Eyebrow trends come and go, but whether you prefer a neat and tidy arch or some vintage Brooke Shields boldness to your brows, almost all of us find ourselves in need of a little shaping and clean up on occasion. And while here are several classic go-tos when it comes to perfecting your arches—breaking out your tweezers or reaching for some wax—those aren’t the only options out there.
Threading, a centuries-old hair removal process stemming from south Asia and the Middle East, has been gaining popularity for years now. So what’s all the fuss about? We dug into all of your burning questions about brow threading so you can pick the right removal method for you.
How does eyebrow threading work?
Threading is no misnomer. In fact, the hair removal tool in threading in nothing more than thread held between a technician’s hands (and in some cases, their teeth as well) in a twisted configuration. As the technician moves their hands, spaces open between those twists and then tighten again, grabbing and holding onto hair, and pulling it free, root and all. If you’ve ever used an epilator before, you’re familiar with the basic concept.
How is it different from waxing or tweezing?
There are a couple of reasons threading fans choose to forgo their tweezers and cancel their waxing appointments. The first comes down to precision.
“Threading is very precise and allows our specialists to have greater control over which hairs are removed,” says Shobha Tummala, founder of the hair removal hot-spot Shobha. So where waxes remove any swath of hair it comes into contact with, which can sometimes result in harsh lines, threading allows for a more natural look. Jaimineey Patel, head of training at Blink Brow Bar in London adds, “The cotton thread technique enables you to dictate the hairs that you want to keep or remove – meaning the perfect shape every time.”
The hair factor is, of course, vital to hair removal, another area where threading stands out is its effects on the skin—or rather, the lack thereof.
Threading “doesn’t pull or nick the skin like waxing or tweezing can,” says Patel. You see, waxes typically involve heat as well as chemicals (natural or synthetic) that can cause some skin types to break out and the removal process can sometimes damage skin, leading to redness and peeling, especially for those using skin treatments like retinol. Not exactly what most of us hope for when we get our brows done.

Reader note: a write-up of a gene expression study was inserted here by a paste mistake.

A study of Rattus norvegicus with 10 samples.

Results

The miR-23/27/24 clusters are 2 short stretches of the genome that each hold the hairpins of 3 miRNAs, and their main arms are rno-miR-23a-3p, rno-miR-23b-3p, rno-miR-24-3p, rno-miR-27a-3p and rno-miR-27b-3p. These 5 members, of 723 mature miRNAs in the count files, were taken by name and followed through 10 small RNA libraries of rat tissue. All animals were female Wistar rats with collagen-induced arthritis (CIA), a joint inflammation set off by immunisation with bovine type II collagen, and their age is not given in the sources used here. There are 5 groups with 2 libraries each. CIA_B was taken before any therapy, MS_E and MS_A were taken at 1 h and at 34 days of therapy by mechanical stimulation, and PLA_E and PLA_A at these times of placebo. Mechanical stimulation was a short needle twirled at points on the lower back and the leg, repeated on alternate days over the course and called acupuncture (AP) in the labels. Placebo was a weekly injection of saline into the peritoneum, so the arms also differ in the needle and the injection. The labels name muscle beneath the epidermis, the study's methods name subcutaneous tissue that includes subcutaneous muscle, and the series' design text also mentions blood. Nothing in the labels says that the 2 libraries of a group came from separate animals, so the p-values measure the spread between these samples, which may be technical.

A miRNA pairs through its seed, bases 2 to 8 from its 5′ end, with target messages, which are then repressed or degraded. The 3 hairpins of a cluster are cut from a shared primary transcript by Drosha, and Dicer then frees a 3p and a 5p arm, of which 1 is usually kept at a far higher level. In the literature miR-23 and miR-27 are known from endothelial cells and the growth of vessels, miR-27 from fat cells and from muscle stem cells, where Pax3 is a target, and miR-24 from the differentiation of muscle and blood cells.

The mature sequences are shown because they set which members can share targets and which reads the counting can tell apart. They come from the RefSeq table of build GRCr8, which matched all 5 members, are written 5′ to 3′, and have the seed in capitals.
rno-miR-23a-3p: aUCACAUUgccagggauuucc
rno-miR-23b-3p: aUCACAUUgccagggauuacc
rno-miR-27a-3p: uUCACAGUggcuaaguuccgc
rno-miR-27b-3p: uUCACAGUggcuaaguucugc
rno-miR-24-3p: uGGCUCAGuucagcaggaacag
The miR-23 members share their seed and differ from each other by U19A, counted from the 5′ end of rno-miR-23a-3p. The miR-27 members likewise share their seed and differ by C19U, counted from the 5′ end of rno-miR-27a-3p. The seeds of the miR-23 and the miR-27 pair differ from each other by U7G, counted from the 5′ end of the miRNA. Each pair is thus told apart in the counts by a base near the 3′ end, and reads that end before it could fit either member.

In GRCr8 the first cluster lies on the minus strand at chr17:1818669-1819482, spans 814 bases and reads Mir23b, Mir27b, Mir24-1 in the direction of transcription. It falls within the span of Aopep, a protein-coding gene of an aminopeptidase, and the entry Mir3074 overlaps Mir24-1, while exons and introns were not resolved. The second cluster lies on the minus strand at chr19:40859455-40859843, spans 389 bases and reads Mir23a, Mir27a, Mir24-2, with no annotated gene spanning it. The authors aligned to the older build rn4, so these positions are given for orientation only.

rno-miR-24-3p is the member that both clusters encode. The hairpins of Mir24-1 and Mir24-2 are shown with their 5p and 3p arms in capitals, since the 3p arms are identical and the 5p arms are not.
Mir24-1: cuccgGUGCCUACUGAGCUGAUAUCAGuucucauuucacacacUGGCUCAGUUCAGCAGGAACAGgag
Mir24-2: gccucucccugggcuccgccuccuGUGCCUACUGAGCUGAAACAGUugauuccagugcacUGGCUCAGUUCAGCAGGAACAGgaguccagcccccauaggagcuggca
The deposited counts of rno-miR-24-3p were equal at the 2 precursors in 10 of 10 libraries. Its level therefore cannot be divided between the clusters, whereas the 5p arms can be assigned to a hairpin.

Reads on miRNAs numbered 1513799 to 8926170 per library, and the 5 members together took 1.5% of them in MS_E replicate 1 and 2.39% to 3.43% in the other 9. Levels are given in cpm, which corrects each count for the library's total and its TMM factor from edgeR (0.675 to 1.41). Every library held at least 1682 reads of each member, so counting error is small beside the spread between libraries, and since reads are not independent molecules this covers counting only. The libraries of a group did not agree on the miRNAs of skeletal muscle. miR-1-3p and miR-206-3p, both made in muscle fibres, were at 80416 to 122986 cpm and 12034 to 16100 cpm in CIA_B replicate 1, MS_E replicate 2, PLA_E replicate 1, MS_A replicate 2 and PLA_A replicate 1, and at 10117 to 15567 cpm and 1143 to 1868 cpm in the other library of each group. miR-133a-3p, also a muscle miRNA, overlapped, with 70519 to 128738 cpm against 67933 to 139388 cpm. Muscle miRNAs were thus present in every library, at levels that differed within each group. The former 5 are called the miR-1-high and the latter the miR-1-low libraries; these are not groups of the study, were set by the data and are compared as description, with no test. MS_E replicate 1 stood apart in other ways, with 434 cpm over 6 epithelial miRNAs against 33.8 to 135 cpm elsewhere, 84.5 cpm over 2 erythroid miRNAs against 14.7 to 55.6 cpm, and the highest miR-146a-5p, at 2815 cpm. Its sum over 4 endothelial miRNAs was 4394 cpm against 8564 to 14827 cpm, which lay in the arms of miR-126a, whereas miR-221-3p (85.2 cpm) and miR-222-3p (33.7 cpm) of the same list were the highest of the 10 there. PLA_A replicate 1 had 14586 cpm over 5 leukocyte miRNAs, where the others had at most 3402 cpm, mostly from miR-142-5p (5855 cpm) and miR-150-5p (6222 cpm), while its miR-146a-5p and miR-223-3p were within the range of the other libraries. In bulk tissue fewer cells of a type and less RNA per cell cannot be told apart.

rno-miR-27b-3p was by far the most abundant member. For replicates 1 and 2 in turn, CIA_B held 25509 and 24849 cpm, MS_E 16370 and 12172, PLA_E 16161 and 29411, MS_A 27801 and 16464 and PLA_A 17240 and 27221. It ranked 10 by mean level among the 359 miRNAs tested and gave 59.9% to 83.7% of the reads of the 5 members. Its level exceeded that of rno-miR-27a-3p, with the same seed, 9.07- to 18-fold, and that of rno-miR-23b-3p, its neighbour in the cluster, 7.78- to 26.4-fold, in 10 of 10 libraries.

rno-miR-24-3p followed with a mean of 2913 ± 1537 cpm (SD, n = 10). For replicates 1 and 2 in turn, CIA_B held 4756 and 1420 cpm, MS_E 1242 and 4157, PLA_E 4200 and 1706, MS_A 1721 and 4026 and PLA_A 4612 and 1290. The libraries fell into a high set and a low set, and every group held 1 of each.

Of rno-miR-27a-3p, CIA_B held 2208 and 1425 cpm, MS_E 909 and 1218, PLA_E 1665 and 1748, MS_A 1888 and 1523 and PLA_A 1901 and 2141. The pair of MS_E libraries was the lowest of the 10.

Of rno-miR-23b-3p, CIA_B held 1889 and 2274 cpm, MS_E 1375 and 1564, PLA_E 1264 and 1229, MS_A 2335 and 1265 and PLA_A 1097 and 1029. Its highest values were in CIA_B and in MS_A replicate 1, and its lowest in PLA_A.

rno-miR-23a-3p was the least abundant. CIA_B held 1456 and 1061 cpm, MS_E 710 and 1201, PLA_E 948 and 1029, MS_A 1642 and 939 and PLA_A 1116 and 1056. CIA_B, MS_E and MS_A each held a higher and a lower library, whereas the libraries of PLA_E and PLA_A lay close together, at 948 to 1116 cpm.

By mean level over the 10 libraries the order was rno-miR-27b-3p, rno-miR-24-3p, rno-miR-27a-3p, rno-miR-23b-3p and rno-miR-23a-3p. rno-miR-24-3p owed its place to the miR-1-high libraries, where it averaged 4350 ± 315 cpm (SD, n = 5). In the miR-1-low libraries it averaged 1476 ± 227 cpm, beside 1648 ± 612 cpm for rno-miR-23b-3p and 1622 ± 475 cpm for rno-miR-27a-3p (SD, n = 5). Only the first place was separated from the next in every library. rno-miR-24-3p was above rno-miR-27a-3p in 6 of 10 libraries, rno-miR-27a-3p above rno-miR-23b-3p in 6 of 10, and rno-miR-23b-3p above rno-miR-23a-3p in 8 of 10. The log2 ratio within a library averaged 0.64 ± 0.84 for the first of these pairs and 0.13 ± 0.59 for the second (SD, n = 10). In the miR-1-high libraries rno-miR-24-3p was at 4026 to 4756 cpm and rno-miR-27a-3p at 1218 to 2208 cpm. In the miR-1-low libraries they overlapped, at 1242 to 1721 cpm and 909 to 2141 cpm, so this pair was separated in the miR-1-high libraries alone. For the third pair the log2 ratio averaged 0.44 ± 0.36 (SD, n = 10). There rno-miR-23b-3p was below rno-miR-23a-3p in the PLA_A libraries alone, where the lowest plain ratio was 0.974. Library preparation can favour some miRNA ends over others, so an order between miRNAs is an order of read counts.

While tweezing is generally less damaging for skin than waxing, accidentally poking, scraping, or pulling on skin with a pair of tweezers (especially an unsterilized pair that’s been sitting in your medicine cabinet) can lead to breaks in the skin and even infections. Since threading is performed with soft fibers at the surface level, it won’t accidentally grip the edge of a follicle or scratch skin.
In fact, Tummala is such a believer in the safety benefits of brow threading that she doubles down at her Shobha locations. “We believe so strongly in this method that it is the only hair removal option we offer for the delicate area around the eyes,” she says.
Does brow threading hurt?
The short answer: yes. While some argue that threading is less painful that tweezing or waxing since it’s fast and doesn’t involve tugging on the skin, the reality is that any form of hair removal that pulls the hair up from the root is going to involve some amount of pain. Sorry.
How much does threading cost?
Obviously it depends on where you go and the state of your brows, but a typical 10-20 minute brow threading session can run anywhere from $15 to $45.
How long do threading results last?
Everyone’s hair grows at a different rate, but on average, hair removal from threading can last between 2 and 5 weeks. You can also maintain the look for longer with touch-up appointments that are less intensive than a full-scale brow shaping.
Does threading work for all skin and hair types?
Essentially, yes. The lack of skin damage and chemicals makes threading appropriate for those on medications that can cause skin sensitivity, like retinoids and certain acne medications as well as those prone to breaking out after waxing. Likewise, threading is great at grabbing even the tiniest hairs (Tummala even suggests it for peach fuzz or short, stubbly hairs before a big event) so those with fine brows are set.
The exceptions? Anyone who’s experiencing heightening sensitivity (like after getting a chemical peel or microdermabrasion) and those who have recently had cosmetic surgery should sit threading out. “We recommend checking with your physician first, and then come back to us 3-4 weeks after the surgery for your threading appointment so your skin has had some time to heal,” says Tummala.
Are there any side effects from threading?
As with any form of hair removal, redness and breakouts are the biggest potential side effects from threading. Redness typically subsides within an hour or two of threading (so don’t schedule right before a party) but you can help calm things down with an anti-inflammatory cream like hydrocortisone or good old fashioned ice.
As for breakouts, it all comes down to taking good care of your newly-bared brows. “Post threading, your pores will be wide open to irritation so it is important to avoid touching the threaded area,” warns Patel. “For the next 24 hours we would also suggest avoiding swimming pools, saunas, steam rooms, hot temperatures and direct sunlight, if possible.” And for optimum results, maybe take a breather from your cosmetics routine. “Spray tans can clog the pores, as can certain makeup, so be careful if applying makeup on to the brows and try to avoid altogether if you’ve had other parts of the face threaded,” she says.